The Benefits of Antacids - dummies

By Patricia Raymond, Michelle Beaver

Antacids can be a great option for people who rarely have to deal with acid reflux or heartburn. They’re also a very effective tool in the fight against heartburn. They’re generally fast acting and can provide near-immediate pain relief.

Choosing the most effective antacid to treat your specific case of acid reflux is critical. Each antacid works differently, but they’re all used to restore the pH balance of the esophagus, stomach, and gastrointestinal (GI) tract. Finding out which antacid will be most effective for your reflux can be difficult, especially because there are so many different over-the-counter antacids available.

Here are just a few of the commonly used antacids on the market today:

  • Equate: Equate is an antacid that is taken to help reduce heartburn symptoms and gas. Active ingredients include aluminum hydroxide, magnesium hydroxide, and simethicone. Avoid Equate if you have kidney disease or a magnesium-restricted diet.

  • Gaviscon: Gaviscon is an alginic antacid that helps neutralize stomach acid while also creating a barrier. Active ingredients include alginic acid, aluminum hydroxide, and magnesium carbonate. Check with your doctor if you have kidney disease, a history of kidney stones, or severe constipation, or if you’re dehydrated.

  • Maalox: Maalox, in liquid or tablet form, is calcium carbonate taken to temporarily neutralize acid. If you have a history of kidney stones or a parathyroid gland disorder, or if you’re taking an antibiotic, avoid taking Maalox.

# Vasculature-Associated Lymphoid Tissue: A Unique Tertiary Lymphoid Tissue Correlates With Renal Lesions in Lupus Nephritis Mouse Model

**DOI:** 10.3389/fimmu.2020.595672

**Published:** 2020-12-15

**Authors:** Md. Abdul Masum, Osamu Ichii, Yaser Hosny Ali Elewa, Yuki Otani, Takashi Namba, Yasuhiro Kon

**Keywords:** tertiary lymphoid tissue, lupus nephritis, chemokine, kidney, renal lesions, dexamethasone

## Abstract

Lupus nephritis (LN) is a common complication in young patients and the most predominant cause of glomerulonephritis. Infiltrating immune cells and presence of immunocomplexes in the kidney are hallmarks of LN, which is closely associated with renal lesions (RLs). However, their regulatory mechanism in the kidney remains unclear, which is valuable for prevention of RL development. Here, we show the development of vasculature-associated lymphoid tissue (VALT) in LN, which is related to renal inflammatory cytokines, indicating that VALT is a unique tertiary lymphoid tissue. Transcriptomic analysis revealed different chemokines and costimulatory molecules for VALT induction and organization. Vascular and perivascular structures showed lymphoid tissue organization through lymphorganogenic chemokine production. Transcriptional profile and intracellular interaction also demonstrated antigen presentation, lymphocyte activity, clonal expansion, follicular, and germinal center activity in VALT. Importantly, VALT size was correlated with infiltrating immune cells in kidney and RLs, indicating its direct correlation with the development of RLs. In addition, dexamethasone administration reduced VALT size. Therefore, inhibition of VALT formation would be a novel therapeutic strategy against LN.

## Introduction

• Milk of magnesia: Milk of magnesia is magnesium hydroxide. It temporarily neutralizes acid. It’s also used as a laxative. Some medications may interact with milk of magnesia; before using milk of magnesia, check with your doctor and pharmacist if you’re taking any other medications.

  • Pepto-Bismol: Pepto-Bismol is bismuth subsalicylate, and it’s used for heartburn and diarrhea. Bismuth subsalicylate can pass into breast milk, so check with your doctor if you’re breastfeeding.

  • Rolaids: Rolaids contains calcium carbonate and magnesium hydroxide to temporarily neutralize your gastric acid.

  • Tums: Tums contains calcium carbonate and is similar in function and use to Rolaids and Maalox.

Temporarily neutralizing gastric acid has the potential for acid rebound. Acid rebound is an increase in production of gastric acid that may occur after the initial neutralizing effect of an antacid. It’s akin to your stomach saying, “Oh my gosh, that must have been a ginormous meal! Better make a ton more acid.” It occurs most symptomatically when antacids containing calcium carbonate are taken.